Also known as: craniofacial anomalies, CFA, birth defects
What are craniofacial abnormalities?
Craniofacial is a broad medical term that describes abnormalities of the bones of the skull and face. The different abnormalities that can occur do so from different growth patterns of the face or skull and include some of the most common and rare birth defects that affect newborn babies (common; most infants with cleft lip/cleft palate
- rare; Treacher Collins
syndrome). They are also sometimes referred to as craniofacial
What causes craniofacial abnormalities?
Frequently there is no single cause; instead researchers believe that some combination of genetic factors from one or both parents, environmental factors, such as exposure to harmful chemicals, and/or a deficiency of folic acid may play a role in the development of craniofacial abnormalities.
What are the symptoms of craniofacial abnormalities?
The symptoms of craniofacial abnormalities vary widely depending on what type of craniofacial abnormality is present. They can range from very mild, to severe problems involving eye sight, hearing issues and/or learning disabilities.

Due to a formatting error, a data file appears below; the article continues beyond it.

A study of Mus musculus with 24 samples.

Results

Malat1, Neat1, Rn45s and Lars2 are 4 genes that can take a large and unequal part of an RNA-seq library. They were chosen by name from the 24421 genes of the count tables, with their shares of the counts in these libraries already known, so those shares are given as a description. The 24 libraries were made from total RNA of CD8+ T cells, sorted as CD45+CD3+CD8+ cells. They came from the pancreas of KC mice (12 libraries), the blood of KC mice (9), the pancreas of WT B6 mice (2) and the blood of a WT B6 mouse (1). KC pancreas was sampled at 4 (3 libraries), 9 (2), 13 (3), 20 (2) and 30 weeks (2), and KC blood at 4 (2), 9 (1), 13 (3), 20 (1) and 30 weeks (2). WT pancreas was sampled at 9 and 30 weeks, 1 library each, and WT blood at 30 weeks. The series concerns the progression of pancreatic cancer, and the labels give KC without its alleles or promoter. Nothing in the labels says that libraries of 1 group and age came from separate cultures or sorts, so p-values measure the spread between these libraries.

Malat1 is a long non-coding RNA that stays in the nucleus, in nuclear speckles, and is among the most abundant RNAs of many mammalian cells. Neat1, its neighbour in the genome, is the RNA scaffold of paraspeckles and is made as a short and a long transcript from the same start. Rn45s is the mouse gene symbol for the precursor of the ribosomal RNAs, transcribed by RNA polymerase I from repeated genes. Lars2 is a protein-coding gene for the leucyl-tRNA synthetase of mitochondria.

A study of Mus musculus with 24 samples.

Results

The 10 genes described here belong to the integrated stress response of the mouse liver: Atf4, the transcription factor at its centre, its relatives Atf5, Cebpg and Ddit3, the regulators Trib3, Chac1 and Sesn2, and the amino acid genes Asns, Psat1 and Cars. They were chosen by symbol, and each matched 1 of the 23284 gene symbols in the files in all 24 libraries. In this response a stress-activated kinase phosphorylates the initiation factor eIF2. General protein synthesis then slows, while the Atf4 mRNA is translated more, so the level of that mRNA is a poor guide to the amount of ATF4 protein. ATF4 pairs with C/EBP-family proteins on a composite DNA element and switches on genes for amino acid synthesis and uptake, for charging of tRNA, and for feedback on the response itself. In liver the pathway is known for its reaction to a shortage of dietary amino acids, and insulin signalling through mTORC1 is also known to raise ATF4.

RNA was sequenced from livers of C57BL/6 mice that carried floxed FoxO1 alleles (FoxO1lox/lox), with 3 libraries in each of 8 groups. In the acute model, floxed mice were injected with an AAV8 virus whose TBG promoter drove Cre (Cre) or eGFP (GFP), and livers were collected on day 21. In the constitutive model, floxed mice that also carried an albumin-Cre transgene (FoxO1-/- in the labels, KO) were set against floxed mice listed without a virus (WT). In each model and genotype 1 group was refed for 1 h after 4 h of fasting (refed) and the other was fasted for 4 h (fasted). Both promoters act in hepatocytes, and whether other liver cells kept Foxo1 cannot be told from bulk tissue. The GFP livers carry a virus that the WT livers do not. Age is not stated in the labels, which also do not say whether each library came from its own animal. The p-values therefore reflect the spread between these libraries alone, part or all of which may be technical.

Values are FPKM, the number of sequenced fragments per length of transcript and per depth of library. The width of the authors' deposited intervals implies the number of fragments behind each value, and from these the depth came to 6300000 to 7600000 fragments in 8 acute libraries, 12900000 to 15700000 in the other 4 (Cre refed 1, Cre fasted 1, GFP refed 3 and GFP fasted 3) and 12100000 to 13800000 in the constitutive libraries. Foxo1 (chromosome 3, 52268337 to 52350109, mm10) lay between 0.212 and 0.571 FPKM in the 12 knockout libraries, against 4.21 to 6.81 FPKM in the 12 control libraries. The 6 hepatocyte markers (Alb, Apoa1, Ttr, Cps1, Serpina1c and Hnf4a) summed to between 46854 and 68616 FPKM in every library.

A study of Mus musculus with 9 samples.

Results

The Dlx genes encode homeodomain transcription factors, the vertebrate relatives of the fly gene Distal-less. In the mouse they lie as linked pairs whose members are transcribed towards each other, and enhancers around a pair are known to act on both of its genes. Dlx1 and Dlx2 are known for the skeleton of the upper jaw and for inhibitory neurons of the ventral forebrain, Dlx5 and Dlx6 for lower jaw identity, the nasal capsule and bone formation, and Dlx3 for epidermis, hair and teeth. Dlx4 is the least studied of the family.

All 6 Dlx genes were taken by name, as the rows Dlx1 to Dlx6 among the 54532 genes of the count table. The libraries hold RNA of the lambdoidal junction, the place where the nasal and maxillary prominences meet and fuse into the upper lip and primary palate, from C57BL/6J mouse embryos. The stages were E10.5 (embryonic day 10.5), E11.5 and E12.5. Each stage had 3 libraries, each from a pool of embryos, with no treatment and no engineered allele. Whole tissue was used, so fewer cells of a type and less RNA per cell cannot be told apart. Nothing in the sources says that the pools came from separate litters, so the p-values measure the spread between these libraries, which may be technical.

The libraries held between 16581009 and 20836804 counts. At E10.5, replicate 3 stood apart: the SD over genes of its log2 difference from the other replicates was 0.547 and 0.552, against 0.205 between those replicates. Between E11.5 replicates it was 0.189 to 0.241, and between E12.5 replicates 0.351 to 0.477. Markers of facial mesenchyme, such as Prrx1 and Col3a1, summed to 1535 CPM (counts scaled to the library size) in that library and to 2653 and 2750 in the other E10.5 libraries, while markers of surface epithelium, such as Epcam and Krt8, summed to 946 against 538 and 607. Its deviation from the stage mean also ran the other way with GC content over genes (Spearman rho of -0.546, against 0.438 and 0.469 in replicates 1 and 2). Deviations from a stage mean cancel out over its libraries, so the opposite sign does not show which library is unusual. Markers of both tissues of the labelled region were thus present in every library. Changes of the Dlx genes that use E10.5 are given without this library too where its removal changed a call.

What are craniofacial abnormality care options?
Treatments are available for many craniofacial abnormalities and will vary widely based on the nature of the condition. Some minor abnormalities require no medical treatment, while anomalies like cleft lip and palate can be repaired surgically. Some more serious craniofacial abnormalities may cause permanent damage, but treatments are still available that offer supportive care to the child and family. Nicklaus Children's Hospital
has a full range of Specialists to provide the best care possible for all these infants.
Reviewed by: Jack Wolfsdorf, MD, FAAP
This page was last updated on: 6/12/2018 11:00:40 AM
Bianca suffered from pain and a severe bowleg deformity for many years as a result of Blount’s disease, a growth disorder that affects the bones in children and young adults.
Seeing a baby boy intubated, hooked up to a maze of machines, and with IV pumps snaking out of his tiny arms is an incredibly heartbreaking and terrifying experience. The Nicklaus Children’s staff was not only caring and friendly, but knowledgeable and explained everything to us in detail. Meeting the neurosurgery team brought us great comfort because they were confident and calm—they won our trust immediately.